You might think of Idaho City as Idaho's "flyover county." It's that place where you have to slow down and maybe grab a candy bar on your way to or from somewhere else: Stanley, Lowman, Sun Valley.
But if you just zoom through it, you're missing out.
The place has so much potential: Imagine a piney mountain retreat at the intersection of two creeks less than an hour from Downtown Boise with the benefit of a rich and colorful mining history. Sounds great, right?
The ramshackle trailer parks and dilapidated shops that line Idaho 21 as you drive through aren't particularly inviting. But there's treasure to be found among those mine tailings, and this day trip will help you find it.
The drive from Boise to Idaho City along Idaho 21 follows Mores Creek for much of the way, lifting you into the trees and mountain air. Start your Idaho City experience with lunch at Trudy's Kitchen right on the highway.
You can get your introduction to Idaho City's rough-and-tumble beginnings on the back of Trudy's menu. For lunch, try a generous bowl of one of the homemade soups served with a large, warm cornbread muffin. Do save room for Trudy's famous huckleberry cheesecake.
The antique and gift shops that line the boardwalked Main Street are worth a post-lunch stop. The shops are the kind that sell relief posters advertising Winchester shotgun shells, and American flags upon which a wolf-emblazoned dreamcatcher image is superimposed. In short, rustic eclectic. Pop your head into Idaho City Trading Post, or head over to Back In Time Antiques & Collectibles on Montgomery Street, and see what you can find.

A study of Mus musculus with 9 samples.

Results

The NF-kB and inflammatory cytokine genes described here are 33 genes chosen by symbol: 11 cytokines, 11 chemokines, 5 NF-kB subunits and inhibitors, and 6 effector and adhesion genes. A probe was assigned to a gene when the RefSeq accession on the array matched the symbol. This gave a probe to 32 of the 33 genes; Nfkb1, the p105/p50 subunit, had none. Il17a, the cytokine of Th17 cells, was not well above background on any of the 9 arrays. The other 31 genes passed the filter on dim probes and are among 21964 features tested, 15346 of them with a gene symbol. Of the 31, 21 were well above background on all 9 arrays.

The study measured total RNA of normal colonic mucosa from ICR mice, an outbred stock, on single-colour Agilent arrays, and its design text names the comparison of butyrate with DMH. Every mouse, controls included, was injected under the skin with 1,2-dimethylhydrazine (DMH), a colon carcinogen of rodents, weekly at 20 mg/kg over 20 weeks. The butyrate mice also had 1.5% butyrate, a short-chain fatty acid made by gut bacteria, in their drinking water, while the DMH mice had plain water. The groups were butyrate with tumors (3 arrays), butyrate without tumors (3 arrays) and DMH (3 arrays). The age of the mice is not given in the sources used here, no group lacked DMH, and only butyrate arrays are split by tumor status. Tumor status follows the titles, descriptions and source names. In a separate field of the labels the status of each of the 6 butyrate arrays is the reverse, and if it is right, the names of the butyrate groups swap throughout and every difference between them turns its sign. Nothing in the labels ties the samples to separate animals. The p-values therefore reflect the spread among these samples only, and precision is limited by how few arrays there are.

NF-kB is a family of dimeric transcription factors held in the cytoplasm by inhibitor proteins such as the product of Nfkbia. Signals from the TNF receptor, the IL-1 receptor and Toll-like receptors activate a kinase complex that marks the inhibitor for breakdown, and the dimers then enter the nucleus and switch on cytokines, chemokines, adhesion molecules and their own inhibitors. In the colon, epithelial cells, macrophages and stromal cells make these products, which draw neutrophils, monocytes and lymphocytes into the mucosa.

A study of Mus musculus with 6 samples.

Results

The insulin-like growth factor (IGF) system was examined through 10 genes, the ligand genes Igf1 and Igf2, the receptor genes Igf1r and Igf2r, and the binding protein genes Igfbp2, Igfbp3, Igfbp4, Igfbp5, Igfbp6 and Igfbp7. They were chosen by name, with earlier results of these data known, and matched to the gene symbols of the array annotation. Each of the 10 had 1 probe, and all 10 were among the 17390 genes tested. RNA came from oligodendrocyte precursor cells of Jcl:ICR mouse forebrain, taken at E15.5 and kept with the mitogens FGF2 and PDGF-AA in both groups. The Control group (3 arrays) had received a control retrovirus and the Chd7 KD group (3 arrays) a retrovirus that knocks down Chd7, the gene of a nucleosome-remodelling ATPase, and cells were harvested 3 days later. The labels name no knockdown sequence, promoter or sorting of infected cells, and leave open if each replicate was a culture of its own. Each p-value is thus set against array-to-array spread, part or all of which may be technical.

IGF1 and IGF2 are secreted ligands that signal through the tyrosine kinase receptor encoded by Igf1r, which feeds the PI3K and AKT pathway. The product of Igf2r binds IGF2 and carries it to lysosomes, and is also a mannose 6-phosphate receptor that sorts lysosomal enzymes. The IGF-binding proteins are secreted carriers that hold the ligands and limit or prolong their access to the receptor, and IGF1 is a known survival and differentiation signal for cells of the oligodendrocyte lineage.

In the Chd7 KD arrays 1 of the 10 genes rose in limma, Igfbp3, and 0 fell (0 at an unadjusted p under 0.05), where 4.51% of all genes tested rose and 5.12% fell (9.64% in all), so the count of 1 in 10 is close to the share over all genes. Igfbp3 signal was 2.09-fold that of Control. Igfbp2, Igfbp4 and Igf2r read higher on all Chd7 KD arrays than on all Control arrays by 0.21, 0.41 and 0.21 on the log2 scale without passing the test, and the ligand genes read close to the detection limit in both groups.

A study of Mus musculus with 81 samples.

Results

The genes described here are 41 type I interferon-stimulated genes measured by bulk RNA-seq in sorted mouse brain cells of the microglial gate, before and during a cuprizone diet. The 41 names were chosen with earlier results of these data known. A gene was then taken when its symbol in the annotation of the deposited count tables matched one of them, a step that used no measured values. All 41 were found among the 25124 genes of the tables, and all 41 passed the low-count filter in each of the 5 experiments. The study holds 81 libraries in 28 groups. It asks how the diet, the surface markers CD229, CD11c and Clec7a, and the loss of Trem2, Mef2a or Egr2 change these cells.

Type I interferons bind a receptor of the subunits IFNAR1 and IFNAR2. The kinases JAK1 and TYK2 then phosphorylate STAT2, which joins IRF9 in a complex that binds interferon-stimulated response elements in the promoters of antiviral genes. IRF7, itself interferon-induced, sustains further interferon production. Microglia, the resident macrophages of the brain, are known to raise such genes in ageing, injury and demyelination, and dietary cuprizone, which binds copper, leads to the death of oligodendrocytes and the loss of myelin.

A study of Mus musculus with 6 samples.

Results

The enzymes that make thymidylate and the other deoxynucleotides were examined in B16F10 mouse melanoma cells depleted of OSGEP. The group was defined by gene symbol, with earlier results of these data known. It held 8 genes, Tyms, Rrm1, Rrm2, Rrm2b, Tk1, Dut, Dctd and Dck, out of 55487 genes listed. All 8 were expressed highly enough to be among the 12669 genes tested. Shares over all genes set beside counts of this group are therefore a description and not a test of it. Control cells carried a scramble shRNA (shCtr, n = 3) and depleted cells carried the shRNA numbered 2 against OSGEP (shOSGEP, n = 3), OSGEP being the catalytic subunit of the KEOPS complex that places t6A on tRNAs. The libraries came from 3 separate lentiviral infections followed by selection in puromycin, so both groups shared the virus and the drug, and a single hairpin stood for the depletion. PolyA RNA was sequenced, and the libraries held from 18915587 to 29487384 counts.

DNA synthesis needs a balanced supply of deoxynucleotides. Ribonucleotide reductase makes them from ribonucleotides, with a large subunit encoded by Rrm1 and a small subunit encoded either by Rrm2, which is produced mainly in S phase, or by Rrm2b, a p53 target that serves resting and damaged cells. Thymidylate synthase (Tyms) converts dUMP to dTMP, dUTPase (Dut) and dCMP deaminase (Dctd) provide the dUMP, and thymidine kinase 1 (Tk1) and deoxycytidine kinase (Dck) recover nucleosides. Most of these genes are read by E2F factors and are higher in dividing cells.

And don't forget to make time to hit the trails. This is Idaho, after all.
When there is no snow on the ground, head 17 miles northeast on Idaho 21 for a hike on the Crooked River Trail. The trailhead is a mile in on Crooked River Road at the Edna Creek turn-off from the highway. It tracks along the river, gently rising and falling for about four miles at the base of steep canyon walls. Several small sandy beaches give you the chance to take a break and dip your feet in the brisk water.
After the snow flies, take your snowshoes along (or rent them inexpensively in Boise) and check out one of the numerous Park N' Ski trails the state maintains. Choose from trails beginning at the Whoop-em-up, Banner Ridge, Beaver Creek or Gold Fork parking lots on Idaho 21.
For the more adventurous, rent one of the six yurts along the trail system for a night of complete solitude.
After an afternoon hike or a snowshoe, you'll definitely want to soak those muscles in the warm geothermal waters of The Springs, one of Idaho City's newest and most-anticipated attractions. Located on Idaho 21 just south of the city center, The Springs reopened earlier this year.
The facilities are nothing short of luxurious. You have the option of two pools, with the large pool hovering around 100 degrees in the winter and 85 in the summer, and the smaller pool in the 104- to 106-degree range. The water refreshes every six to eight hours.
Plush towels are provided, as are post-soak toiletries (high-end soap, lotion and more) for your private hot springs shower. The resort offers a small menu of snacks, sandwiches and salads, with poolside service that includes craft beer and wine.
At $16 per person, it isn't cheap. But you're free to stay as long as you like to relax in the warm waters. So watch the sun fade and disappear behind the mountains. Sip on a Payette Outlaw Pale Ale with the soothing sounds of Ray LaMontagne playing softly on the speakers. That's worth the drive right there.
Joe Jaszewski is the photography editor at the Idaho Statesman and a lover of Idaho's recreational offerings.